Shoe Leather Approach Taken To Assessing City Sidewalks - NBC 7 San Diego

Shoe Leather Approach Taken To Assessing City Sidewalks



    Fixing City's Sidewalks From Ground Up

    San Diego's cracked and crumbling sidewalks are now getting a 'ground-zero' look, to see which stretches need the most fixing. NBC 7's Gene Cubbison tells us how the city is going about it. (Published Friday, Jan. 10, 2014)

    After years of neglect and hit-or-miss repairs, San Diego's long-deteriorating sidewalks are getting a major, comprehensive check.

    All 5,000 miles of them -- step by old-fashioned step.

    The methodology?

    The city has hired two dozen interns -- civil engineering students from UC San Diego and San Diego State University -- to walk those mean sidewalks with GPS devices.

    Kersey Discusses Sidewalk Assessments

    [DGO] Kersey Discusses Sidewalk Assessments
    NBC 7's Megan Tevrizian speaks with San Diego councilmember Mark Kersey about the city's plan to assess more than 5,000 deteriorating sidewalks across the county.
    (Published Saturday, Jan. 11, 2014)

    They'll eyeball the conditions, and document problems that would seem to warrant priority attention.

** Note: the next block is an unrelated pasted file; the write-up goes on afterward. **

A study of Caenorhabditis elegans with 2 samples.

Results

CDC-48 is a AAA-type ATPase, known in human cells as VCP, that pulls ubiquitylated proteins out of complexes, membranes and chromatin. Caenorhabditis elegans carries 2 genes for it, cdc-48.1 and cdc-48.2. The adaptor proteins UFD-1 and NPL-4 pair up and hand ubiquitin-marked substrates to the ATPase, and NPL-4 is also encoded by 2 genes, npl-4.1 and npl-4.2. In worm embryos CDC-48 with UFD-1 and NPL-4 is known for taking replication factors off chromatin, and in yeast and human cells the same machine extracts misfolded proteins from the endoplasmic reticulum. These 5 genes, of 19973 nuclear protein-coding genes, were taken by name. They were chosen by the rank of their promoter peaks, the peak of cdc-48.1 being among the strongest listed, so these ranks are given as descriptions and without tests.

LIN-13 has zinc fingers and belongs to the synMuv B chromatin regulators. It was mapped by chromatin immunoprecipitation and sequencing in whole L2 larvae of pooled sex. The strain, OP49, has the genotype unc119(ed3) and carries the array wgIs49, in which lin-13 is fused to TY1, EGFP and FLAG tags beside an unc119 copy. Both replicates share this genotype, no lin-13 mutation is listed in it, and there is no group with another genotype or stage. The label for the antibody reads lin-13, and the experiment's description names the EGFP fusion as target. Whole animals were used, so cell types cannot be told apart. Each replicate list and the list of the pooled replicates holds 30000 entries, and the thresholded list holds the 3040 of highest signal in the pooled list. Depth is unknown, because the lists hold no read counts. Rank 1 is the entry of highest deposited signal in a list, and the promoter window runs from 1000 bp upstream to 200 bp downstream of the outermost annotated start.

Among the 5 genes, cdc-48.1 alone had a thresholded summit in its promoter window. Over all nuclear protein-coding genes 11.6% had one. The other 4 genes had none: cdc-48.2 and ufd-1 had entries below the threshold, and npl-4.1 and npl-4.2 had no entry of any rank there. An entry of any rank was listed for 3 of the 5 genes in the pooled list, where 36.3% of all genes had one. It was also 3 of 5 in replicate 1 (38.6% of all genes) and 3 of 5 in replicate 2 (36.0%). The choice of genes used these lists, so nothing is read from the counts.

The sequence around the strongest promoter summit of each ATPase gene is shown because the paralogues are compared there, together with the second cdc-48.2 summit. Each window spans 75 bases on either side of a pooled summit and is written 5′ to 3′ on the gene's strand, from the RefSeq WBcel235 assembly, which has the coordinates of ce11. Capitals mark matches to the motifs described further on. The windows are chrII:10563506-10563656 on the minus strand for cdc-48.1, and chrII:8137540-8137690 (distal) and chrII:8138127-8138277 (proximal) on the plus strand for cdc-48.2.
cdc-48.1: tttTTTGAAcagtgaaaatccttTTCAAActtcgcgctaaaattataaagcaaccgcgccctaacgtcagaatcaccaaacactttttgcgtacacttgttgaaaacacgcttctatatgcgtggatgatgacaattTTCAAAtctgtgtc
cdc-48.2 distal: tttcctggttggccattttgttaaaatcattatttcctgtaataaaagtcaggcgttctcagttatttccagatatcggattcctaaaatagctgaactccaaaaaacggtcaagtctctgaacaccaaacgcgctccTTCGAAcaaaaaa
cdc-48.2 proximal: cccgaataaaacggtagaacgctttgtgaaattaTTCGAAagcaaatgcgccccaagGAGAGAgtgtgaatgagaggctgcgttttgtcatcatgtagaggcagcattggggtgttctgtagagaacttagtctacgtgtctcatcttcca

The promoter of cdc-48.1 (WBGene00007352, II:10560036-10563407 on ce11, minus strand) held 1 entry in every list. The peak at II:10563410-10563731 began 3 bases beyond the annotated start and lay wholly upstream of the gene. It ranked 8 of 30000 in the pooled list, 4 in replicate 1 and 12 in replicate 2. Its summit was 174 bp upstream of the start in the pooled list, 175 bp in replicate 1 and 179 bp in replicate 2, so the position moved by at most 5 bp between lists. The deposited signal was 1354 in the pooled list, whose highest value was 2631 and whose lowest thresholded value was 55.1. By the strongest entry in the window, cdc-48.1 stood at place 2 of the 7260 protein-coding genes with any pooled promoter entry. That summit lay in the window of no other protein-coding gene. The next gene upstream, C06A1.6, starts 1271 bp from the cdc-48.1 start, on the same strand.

"They can upload their information electronically,” explains City Councilman Mark Kersey. “And it's got a number of tags that they can assign to the issues they're seeing – whether it's a sidewalk that's been uplifted by a tree root, or just a big crack, whatever the situation might be."

    The student-interns joined Kersey and Interim Mayor Todd Gloria at a Friday-morning media briefing in South Park, providing an early photo opportunity and unveiling of the year-long, unprecedented assessment program.

    With a bottom-line investment of $1 million, officials believe the undertaking will be more cost-effective than the timeworn practice of responding to citizens' complaints.

    The information gathered by the interns will go into a specialized database to be validated, risk-assessed, and checked for progress in the repair cycles.

    “It's going to take a lot of walking, and they'll go through multiple pairs of shoes, I think,” said Kersey, who chairs the City Council Infrastructure Committee. “But it's really the best way to do it.”

    And it may help minimize injury payouts from the city treasury, if the assessments result in prompt fixes that head off the prospect of people tripping and falling on compromised sidewalks and curbs.

    "We have more work to do on our libraries, our firehouses and our water and sewer pipes, but from where I sit, this is the biggest issue facing the city,” said Gloria. “We didn’t get into this mess overnight, and we can't get out of it overnight, either … but it doesn't mean that we shouldn't start taking steps forward.”

    One of those steps, posted on a docket for City Council approval next week, is a $43 million infrastructure bond issue.

    Annual city spending on sidewalk repairs approached $10 million a few years ago, when nearly 4,000 sidewalk stretches were found to be damaged by tree roots.